Rick Pluta

LANSING, MI (MPRN)--   Governor Gretchen Whitmer wants answers regarding a controversy at the state Department of Civil Rights.

Michigan Public Radio’s Rick Pluta says that’s after department director Agustin Arbulu was disciplined for misconduct.

LANSING, MI (MPRN)--   Michigan’s official monthly jobless rate was unchanged last month (June) at 4.2 percent.

The numbers come from the Michigan Department of Technology, Management, and Budget. And those numbers show the number of unemployed people went up last month. But that was largely offset by how many people joined or rejoined the workforce with the hope of finding a job.

Employment in the manufacturing sector bumped up slightly as factory workers were recalled from layoffs. The leisure-and-hospitality sector showed the biggest jobs gains from this time last year.


LANSING, MI (MPRN)--   A state lawmaker says people with misdemeanor marijuana convictions should have their records cleared automatically now that Michigan has legalized it. 

Voters last year legalized marijuana for recreational use in Michigan.

State Senator Jeff Irwin is a Democrat from Ann Arbor. He says 235,000 people in Michigan have been convicted of possessing small amounts of marijuana.

LANSING, MI (MPRN)--   The Michigan Supreme Court says prosecutors in criminal cases cannot rely on experts to testify on how often children typically lie or tell the truth about sex abuse. 

The court says juries were swayed by opinions, not the facts, in two individual cases. It ruled that sexual abuse trials are not credibility contests where juries determine who is most likely telling the truth.

LANSING, MI (MPRN)--   Governor Gretchen Whitmer says Michigan has encouraged students to seek four-year college degrees at the expense of encouraging careers in skilled trades. 

The Whitmer administration says that’s cost the state’s economy, employers, and workers.

The governor toured a Detroit community college to make her point. She says less than half of high school graduates in Michigan seek advanced schooling. And she says that means many lost opportunities, even during good economic times.

LANSING, MI (MPRN)--   Governor Gretchen Whitmer is urging the Legislature to return to Lansing to vote on the state budget and revenue to fix the roads. GOP leaders say they won’t be pushed.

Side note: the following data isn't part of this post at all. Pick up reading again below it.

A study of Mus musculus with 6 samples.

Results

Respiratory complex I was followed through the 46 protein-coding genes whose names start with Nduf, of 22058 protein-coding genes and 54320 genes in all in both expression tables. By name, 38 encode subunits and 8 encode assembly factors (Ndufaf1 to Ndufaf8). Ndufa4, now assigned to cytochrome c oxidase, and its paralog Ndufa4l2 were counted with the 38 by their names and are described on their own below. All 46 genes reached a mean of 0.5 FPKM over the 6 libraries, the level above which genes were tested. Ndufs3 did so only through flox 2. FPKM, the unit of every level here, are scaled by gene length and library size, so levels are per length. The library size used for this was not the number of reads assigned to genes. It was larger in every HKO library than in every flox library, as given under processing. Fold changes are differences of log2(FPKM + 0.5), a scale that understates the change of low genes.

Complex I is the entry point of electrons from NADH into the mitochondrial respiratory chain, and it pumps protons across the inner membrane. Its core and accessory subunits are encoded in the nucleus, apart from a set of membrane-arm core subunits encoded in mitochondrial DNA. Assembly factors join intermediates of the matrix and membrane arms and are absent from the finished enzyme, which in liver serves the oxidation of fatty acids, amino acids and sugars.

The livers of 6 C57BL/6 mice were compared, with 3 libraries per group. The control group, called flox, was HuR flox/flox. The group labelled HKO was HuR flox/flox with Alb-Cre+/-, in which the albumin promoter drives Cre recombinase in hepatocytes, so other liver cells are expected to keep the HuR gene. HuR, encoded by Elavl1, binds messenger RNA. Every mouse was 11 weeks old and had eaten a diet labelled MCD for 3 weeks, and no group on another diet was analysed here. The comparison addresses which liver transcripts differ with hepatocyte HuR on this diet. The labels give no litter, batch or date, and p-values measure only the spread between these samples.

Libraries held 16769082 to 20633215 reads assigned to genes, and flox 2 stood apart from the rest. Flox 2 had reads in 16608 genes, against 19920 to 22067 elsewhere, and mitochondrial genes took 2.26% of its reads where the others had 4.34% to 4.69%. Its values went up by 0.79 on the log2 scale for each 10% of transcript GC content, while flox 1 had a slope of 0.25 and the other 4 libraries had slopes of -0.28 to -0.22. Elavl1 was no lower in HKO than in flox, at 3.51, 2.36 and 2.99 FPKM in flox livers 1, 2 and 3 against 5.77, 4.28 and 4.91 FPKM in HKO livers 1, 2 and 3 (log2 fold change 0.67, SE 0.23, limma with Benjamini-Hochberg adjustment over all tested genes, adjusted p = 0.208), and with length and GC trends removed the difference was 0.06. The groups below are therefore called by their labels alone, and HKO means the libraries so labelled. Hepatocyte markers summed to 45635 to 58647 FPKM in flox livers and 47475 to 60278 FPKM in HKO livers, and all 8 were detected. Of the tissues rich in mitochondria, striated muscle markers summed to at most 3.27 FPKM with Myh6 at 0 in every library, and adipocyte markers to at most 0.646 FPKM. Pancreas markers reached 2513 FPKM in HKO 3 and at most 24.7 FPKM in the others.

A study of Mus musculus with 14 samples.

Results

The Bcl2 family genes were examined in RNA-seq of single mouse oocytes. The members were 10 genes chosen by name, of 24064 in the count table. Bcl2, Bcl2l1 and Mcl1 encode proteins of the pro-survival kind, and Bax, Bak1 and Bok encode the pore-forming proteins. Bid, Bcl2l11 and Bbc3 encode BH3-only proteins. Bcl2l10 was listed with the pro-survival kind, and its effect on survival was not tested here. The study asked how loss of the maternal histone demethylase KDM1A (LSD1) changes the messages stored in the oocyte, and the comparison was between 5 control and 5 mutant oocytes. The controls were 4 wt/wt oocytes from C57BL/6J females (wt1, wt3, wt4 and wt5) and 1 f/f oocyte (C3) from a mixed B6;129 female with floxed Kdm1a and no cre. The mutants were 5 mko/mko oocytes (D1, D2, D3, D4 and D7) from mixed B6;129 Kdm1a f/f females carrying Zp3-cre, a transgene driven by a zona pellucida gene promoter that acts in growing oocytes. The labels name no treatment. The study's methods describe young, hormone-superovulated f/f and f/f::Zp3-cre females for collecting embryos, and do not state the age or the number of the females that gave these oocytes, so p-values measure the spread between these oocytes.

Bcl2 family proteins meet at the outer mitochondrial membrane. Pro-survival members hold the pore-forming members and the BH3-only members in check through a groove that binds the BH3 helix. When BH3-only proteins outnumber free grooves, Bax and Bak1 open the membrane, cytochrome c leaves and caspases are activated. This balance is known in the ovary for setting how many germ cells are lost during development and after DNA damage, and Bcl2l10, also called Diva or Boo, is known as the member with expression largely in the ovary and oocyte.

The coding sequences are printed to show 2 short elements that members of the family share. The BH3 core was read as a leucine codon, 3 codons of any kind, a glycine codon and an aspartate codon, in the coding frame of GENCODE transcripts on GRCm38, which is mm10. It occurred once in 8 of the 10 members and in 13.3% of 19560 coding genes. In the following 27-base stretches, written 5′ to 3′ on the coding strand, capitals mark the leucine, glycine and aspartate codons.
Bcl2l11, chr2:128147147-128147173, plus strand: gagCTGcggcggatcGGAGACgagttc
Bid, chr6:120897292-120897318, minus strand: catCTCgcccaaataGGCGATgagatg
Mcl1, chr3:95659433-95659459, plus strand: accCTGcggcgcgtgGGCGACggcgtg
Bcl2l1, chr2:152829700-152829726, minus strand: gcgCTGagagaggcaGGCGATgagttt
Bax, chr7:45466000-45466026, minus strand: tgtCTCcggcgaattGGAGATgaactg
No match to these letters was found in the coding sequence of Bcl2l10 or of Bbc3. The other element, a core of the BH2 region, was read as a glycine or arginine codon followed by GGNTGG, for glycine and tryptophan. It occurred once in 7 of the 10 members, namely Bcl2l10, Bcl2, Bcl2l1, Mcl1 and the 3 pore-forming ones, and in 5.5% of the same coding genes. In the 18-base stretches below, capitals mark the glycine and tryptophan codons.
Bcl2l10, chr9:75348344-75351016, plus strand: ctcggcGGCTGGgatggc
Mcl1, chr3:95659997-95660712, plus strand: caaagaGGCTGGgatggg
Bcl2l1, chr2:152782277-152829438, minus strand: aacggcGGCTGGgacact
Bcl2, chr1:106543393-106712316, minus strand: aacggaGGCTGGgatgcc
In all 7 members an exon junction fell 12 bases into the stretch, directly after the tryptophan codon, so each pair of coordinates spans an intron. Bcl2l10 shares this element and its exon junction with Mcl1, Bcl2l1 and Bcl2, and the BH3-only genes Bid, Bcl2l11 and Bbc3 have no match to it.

Michigan Public Radio’s Rick Pluta was with the governor during a stop at a community college in Detroit.

Whitmer says the Legislature’s Republican leaders need to move faster to adopt a new state budget. She says local governments and school districts are already into their budget years, which are on a different calendar than the state’s fiscal year.

LANSING, MI (MPRN)--   A request to expand a legal challenge against Michigan State University has the potential to reverse many findings against students accused of sexual assault. 

The motion was first reported by The Detroit Free Press. The initial lawsuit claims MSU’s disciplinary system denied due process to the man accused of assault. That’s because there was no chance for direct, in-person questioning of the woman who made the accusation.

LANSING, MI (MPRN)--   The Michigan Supreme Court will decide whether to take a case to determine whether it’s ever appropriate for state money to go to private and parochial schools.

Michigan public school groups and the ACLU are challenging budget bills that were approved by Republican legislatures and then-Governor Rick Snyder. They allow a small amount of money to reimburse private schools for some expenses.

LANSING, MI (MPRN)--   A technology upgrade that’s supposed to help consumers threatens to shut down the system for keeping track of felons and sex offenders who’ve been released from prison.

Electronic tethers that keep track of offenders could go dark at the end of the year.

The state Corrections Department keeps track of 4,600 offenders using electronic tethers.

Chris Gautz is with the department. He says the tethers are attached to Verizon’s 3-G network that’s supposed to go dark at the end of the year, to be replaced by the 4-G network.

LANSING, MI (MPRN)--   An especially wet spring has spelled trouble for some Michigan farmers. Now the state Legislature has passed a measure that supporters say will help out. 

The House and Senate approved a spending bill Thursday that supporters say would help farmers. It would put 15 million dollars into a program that distributes low-interest loans. Those loans are for growers, processors and handlers who lost their crops.

Republican Representative Mark Huizenga is a bill sponsor. He says this will help a lot of struggling farmers.